Drug deaths victims of profiteering and hypocrisy

ecstasy
Belfast DJ Gerard Mulholland died after taking ecstasy-type pills at a house party in Twinbrook

There have been a number of deaths in Northern Ireland recently being linked directly to the use of Ecstasy, an illegal class-A stimulant. Recently fake or poorly made pills known as ‘Speckled Rolexes’ have left a series of people dead or seriously ill in hospital.

This example as well as many others demonstrates very clearly some of the issues surrounding illicit drugs. If someone buys a gram of speed they don’t know what it has been cut with. Because it’s produced in an illegal market, it is known to contain anything from meth to cocaine to piperazine (an animal de-wormer). By pushing drugs into the black market we have seen a huge risk develop to users. Unregulated and sold solely for profit, everything possible is done to reduce production costs and increase profit leaving users in a very dangerous and often unpredictable situation.

A lot of these drugs are taken as a means of escapism. We live under a capitalist system where even when it’s not in a crisis a lot of us still have to live day to day and experience all sorts of degrading practices from poverty, racism, sexism, homophobia to grinding and alienating work. Many feel they have a 48 hour weekend to escape from reality. Many people get blocked on alcohol, pop a pill or smoke a joint.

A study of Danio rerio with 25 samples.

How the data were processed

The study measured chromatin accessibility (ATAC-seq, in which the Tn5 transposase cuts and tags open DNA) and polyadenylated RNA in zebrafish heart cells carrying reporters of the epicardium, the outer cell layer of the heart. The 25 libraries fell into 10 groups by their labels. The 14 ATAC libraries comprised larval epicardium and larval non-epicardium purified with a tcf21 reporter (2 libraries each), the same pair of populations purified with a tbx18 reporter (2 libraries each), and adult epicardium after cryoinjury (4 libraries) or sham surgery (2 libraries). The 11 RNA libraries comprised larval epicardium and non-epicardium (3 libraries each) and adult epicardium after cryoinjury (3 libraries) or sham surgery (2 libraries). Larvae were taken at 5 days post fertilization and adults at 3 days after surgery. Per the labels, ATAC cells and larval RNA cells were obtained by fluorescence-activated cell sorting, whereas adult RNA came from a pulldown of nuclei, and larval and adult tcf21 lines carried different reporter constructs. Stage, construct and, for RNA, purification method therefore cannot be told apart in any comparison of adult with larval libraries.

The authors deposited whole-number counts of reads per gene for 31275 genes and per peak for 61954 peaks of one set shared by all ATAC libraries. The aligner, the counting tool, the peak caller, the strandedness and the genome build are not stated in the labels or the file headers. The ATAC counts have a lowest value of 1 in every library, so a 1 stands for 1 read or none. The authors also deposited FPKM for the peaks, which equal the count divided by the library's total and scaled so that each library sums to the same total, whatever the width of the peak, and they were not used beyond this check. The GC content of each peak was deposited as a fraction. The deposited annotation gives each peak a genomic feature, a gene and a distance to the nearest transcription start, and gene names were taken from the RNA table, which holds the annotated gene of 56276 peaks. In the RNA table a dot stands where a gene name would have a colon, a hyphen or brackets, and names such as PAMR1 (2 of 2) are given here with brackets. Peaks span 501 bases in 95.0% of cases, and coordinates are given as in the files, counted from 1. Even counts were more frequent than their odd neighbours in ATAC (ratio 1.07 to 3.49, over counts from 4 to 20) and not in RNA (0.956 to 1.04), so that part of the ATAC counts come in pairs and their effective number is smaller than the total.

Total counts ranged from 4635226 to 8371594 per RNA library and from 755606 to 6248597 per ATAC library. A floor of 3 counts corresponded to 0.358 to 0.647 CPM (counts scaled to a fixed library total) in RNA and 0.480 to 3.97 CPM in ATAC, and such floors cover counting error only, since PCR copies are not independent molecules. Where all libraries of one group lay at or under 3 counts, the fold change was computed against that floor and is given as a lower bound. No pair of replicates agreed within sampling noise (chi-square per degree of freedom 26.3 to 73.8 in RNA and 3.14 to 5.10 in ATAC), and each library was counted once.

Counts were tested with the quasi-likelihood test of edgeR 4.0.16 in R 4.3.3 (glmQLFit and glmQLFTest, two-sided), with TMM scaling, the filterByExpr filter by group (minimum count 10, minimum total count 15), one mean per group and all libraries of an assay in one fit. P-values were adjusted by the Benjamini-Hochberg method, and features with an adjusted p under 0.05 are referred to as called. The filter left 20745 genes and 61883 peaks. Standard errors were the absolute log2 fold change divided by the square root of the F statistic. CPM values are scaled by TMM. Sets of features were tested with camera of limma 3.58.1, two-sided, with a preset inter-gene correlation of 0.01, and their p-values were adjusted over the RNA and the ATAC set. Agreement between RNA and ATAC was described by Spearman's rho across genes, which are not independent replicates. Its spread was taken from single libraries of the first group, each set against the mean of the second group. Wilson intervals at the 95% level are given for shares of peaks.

Prohibition allows criminals lace drugs with anything they want to maximise profits. Screening of drugs should be provided for users to minimise the risks of deaths. Drug abuse wrecks working class communities and destroys people’s lives. Opening up a new market for large multi-nationals to exploit people’s addiction for profits will not solve the problem and neither will capitalism. It is the system that creates most of the reasons as to why people abuse drugs.

Total
0
Shares
Previous Article

Bomb alerts and sectarian conflict must be opposed

Next Article

Anti Austerity Alliance – leading the resistance

Related Posts
Read More

Film Review: No Stone Unturned- Loughinisland Massacre

On the night of 18th June 1994, the Heights Bar in Loughinisland was packed with fans watching the Ireland versus Italy game in the World Cup. Members of the UVF burst in and opened fire, killing six innocent men and wounding five others. No Stone Unturned tells the story of their families' fight for justice. This massacre was the UVF’s answer to the killing of three of its members in Belfast by the INLA and part of the long cycle of ‘tit for tat’ killings.